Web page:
This does NOT really concern what you use to lay tracks, cause I don't care what you use to lay tracks. Telemark gear is popular, Alpine Touring (A/T, or randonee)gear is increasingly common, and boarders have long been keen to make the hardyards for the fresh stuff. Indeed, it could well be argued that boarding has beencentral to the increased popularity of winter backcountry activities.
Whatever your bent, just get into it.
This section does however concern things you may want to carry with you whileyou're riding (in addition to your base camp / tent equipment). It sounds like a shit-load, but is easy to pack into a small daypack once you have it sussed.
- First Aid Kit. Maintained, and be armed with the knowledge to use it. Can your partner use it ?
- Repair Kit. I carry: little chemical handwarmers, Leatherman tool or equivalent pliers and screwdrivers, duct or gaffer tape, about 100mm of 10mm dia aluminium tubing, a few safety pins of various sizes, a piece of wire about fencing wire thickness and some fuse wire. Other top suggestions include five minute araldite, binding screws and wire wool, spare tele binding and cable (suuuuure, say the AT crew), skins glue, PTEX candle, wax, some cord/string and hacksaw blades. A recent addition (ta Benny) is the use of a $6.95 'blow-torch' style ciggie lighter. Fan-bloody-tastic for sealing the edges of gaffer and duct tape. More directional than a standard lighter or matches, and refillable too.
- Exit and entry gear: May include rope, harness, crampons, ice tools, belay/rappel devices, snow stakes, possibly even ice screws and other clean protection. If you bolt it I will pull it - save it for elsewhere. Be able to prussic / jumar.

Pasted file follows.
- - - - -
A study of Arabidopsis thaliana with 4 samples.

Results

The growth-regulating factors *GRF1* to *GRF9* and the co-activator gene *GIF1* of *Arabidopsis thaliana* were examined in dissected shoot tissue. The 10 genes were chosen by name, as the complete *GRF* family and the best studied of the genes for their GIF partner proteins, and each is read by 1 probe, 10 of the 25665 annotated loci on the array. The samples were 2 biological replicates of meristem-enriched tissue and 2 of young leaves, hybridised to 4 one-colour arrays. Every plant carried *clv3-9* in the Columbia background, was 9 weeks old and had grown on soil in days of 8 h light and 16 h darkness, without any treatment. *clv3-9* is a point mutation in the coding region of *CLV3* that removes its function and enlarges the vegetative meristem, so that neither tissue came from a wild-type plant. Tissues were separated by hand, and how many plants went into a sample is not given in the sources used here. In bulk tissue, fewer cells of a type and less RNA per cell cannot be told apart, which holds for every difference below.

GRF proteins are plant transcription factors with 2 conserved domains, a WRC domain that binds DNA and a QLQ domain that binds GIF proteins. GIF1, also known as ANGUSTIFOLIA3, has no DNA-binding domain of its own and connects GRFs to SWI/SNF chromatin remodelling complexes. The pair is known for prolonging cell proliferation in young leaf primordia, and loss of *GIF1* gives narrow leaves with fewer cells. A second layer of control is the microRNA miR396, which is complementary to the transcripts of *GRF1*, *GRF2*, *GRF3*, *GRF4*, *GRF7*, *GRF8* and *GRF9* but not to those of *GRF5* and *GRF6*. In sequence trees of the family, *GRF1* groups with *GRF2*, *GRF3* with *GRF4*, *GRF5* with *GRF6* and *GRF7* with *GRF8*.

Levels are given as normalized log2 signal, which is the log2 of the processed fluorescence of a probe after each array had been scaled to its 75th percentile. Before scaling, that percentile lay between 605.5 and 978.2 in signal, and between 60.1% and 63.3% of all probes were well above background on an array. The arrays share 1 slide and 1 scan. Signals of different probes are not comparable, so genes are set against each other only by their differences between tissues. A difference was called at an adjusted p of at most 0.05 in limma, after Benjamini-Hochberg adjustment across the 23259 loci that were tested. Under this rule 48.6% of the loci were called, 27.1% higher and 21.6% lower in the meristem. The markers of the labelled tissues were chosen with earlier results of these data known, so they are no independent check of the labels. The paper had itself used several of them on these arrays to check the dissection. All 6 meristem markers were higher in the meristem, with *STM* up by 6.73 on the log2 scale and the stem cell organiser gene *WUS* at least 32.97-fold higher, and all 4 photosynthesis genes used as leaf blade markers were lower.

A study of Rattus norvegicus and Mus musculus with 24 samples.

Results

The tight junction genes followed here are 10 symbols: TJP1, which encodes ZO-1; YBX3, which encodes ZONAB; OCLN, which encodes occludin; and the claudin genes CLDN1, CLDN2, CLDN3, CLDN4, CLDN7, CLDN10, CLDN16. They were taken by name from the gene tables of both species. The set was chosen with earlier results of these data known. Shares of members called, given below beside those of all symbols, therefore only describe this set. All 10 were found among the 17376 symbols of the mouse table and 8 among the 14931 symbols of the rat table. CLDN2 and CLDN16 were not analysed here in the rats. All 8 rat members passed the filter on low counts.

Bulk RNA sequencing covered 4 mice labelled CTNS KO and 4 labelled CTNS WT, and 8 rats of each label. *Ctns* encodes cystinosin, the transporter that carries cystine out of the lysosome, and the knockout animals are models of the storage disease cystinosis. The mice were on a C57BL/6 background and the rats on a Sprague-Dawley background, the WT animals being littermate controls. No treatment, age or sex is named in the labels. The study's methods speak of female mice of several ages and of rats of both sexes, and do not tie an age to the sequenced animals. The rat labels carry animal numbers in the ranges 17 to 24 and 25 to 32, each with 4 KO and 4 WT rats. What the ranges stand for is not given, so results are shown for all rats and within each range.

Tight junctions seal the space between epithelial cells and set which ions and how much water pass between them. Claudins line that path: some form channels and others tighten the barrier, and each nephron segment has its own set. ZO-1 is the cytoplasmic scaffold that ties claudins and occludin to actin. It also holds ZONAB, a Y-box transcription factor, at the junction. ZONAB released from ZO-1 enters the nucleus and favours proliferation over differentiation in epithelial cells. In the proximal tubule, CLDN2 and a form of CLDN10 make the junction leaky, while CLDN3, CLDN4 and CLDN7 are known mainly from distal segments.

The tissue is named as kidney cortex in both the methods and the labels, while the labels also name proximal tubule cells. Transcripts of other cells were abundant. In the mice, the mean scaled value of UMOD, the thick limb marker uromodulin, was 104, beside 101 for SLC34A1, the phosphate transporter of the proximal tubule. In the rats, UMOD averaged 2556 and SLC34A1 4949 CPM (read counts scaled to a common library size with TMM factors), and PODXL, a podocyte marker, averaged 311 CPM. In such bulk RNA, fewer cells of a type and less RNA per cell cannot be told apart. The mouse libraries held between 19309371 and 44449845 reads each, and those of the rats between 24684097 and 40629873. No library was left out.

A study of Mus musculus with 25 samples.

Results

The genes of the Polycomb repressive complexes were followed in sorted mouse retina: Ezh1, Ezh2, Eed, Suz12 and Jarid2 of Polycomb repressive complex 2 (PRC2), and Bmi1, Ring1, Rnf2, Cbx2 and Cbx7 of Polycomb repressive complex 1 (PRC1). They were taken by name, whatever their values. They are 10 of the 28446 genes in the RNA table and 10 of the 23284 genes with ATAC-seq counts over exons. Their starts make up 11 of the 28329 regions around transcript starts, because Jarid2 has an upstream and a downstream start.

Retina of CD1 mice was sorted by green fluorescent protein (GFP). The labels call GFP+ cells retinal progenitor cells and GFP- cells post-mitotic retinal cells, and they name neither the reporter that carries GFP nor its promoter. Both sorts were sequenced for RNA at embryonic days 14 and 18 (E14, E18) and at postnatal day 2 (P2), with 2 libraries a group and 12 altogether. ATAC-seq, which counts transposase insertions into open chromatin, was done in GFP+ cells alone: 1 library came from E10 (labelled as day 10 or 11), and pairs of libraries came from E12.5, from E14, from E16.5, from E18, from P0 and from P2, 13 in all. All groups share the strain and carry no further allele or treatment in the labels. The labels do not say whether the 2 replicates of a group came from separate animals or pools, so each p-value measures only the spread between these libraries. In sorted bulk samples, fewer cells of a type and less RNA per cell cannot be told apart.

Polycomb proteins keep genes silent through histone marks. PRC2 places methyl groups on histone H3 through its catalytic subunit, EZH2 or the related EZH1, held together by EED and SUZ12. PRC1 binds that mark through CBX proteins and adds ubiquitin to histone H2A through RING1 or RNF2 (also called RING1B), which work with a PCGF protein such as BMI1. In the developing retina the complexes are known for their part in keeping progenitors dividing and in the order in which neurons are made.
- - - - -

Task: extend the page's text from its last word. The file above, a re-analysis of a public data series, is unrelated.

- Avalanche Safety Transceiver. Much more important than an EPIRB. No use locating a cold dead body, hey. Especially if it's yours - remember to turn it on.
- Snow shovel and probe, bivy bag or space blanket.
- Some knowledge as to how to keep yourself (and partner) alive if caught out for a 'forced bivvy' should conditions change, equipment fail, purse get dropped or blouse be torn. It happens, be aware.
- EPIRB. Optional, use as required. Remember, an EPIRB is a locator, and in the worst conditions no one will be able to fly or travel to your location, even if they are aware of your probable location and that you have signalled for help.
- GPS. Will tell you where you are, but not how to get out unless you have some waypoints already there. I don't have any to give you. I think they're a good idea, but purists will shun them. This may be a good enough reason for using them in itself.
- CB radio may be good, especially when combined with a fold-out aerial. By convention the most commonly monitored station is 5 - the emergency station - in a given area. Record the stations you hear traffic on and keep this information with the radio.
- Mobile Phone. Realistically an option in much of the NSW Main Range southern end. I imagine CDMA is better than digital, but head up on a hilltop. Reception from the base of the western faces is likely to be shit. But then I haven't tried. My CDMA phone on Telstra can make and recieve calls from the tops of the peaks, and from the faces which see Guthega, Charlotte Pass and Thredbo.
- Some warm gear that is in a waterproof bag. Maybe just a spare set of thermals and socks or gloves, but if it rains or you fall in the drink with a loaded pack you'll be more than grateful for something dry. You might just avoid hypothermia as well.
- Eye Protection. Wear eye protection all the time, even in what seems to be low light conditions. The ambient light received by your eyes will be high, and the air is often quite dry. Even if the conditions do not give you snowblindness, you will get sore, itchy eyeballs. No fun. Symptoms will often not become apparent until the next day.